Weevils in My House

Weevils, a type of insect about 1/8-inch long with a thin, hard-shelled body, invade grain and rice kernels.


Most often found in grain storage facilities, they tend to infest all types of grains, rice and corn but may also infest beans, seeds and acorns. When found inside your home, their presence indicates they have infested an entire container of rice or grains.

Weevils are a harmless pest. They do not harm people, pets, furniture or clothing. Weevils do not sting, bite or have transferable diseases. They will not feed on anything in your home. The only harm they cause is infesting the grain, which destroys just the individual grains they infest.


Weevils are not identifiable until they emerge from the grain. They lay their egg, larva and pupa stage within the grain kernel. Once emerged, they appear as a reddish-brown bug with a large head. In smaller grains, the weevil appears smaller, while in larger grains, the weevil is larger. Grain weevils can't fly, but rice weevils can.


Identify the source of the infestation by examining food and food storage sources. Dispose of all items infected with weevils; wrap each item tightly in a plastic garbage bag, and place it in an outdoor trash can. Vacuum the cupboards and shelving where the weevils are found with a vacuum attachment, vacuuming in between cracks and crevices. Using an insecticide is not recommended around food or food storage items. Washing items with bleach, detergents or disinfectants does not kill the weevils.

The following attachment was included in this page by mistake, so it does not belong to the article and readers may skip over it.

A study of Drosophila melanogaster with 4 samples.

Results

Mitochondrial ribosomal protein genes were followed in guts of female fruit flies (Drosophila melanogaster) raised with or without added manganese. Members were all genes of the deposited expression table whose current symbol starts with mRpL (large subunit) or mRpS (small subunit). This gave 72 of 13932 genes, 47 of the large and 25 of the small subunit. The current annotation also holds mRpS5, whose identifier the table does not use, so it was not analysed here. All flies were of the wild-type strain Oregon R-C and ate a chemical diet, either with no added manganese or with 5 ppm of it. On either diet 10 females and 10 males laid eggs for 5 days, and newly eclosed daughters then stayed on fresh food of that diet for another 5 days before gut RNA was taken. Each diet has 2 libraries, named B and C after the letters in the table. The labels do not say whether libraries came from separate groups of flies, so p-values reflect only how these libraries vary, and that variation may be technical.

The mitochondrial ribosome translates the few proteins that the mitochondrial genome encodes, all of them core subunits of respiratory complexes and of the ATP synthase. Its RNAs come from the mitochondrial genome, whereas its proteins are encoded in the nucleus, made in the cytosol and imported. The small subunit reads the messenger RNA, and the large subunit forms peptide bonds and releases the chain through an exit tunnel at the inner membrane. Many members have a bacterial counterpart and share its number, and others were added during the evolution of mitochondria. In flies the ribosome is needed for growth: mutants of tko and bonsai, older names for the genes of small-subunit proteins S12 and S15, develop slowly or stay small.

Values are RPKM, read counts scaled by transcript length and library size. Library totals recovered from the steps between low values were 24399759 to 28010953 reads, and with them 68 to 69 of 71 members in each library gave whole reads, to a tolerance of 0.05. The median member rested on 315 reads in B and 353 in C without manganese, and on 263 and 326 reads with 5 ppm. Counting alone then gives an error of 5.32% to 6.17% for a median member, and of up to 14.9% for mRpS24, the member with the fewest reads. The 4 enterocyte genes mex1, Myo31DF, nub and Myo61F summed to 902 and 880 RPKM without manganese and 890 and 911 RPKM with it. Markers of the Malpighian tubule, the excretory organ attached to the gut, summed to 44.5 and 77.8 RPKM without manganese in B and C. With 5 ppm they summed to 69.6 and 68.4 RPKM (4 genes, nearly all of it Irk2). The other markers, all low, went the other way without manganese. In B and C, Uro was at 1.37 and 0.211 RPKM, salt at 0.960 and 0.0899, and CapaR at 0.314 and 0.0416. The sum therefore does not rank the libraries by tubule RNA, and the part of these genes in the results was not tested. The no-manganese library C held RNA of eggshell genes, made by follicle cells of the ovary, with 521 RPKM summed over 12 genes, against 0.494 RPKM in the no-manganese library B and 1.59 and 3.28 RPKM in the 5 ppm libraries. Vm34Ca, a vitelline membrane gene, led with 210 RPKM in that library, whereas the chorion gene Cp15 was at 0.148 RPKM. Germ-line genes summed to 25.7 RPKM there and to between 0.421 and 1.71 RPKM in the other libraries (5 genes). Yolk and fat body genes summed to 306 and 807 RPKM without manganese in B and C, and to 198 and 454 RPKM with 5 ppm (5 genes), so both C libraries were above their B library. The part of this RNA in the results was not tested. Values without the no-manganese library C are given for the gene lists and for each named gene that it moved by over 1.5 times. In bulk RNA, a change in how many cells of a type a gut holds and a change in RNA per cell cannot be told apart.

Heat or cool all grains or rice when first purchased to prevent a weevil infestation. To heat, place the grain in a pan in an oven preheated to 120 degrees F for one hour. To kill by cooling, place the grain in a freezer at zero degrees for at least three days. Inspect all new purchases of grain or rice for weevils. Store the grain in a clean, dry place to prevent attracting weevils.

About the Author

Sommer Leigh has produced home, garden, family and health content since 1997 for such nationally known publications as "Better Homes and Gardens," "Ladies' Home Journal," "Midwest Living," "Healthy Kids" and "American Baby." Leigh also owns a Web-consulting business and writes for several Internet publications. She has a Bachelor of Science in information technology and Web management from the University of Phoenix.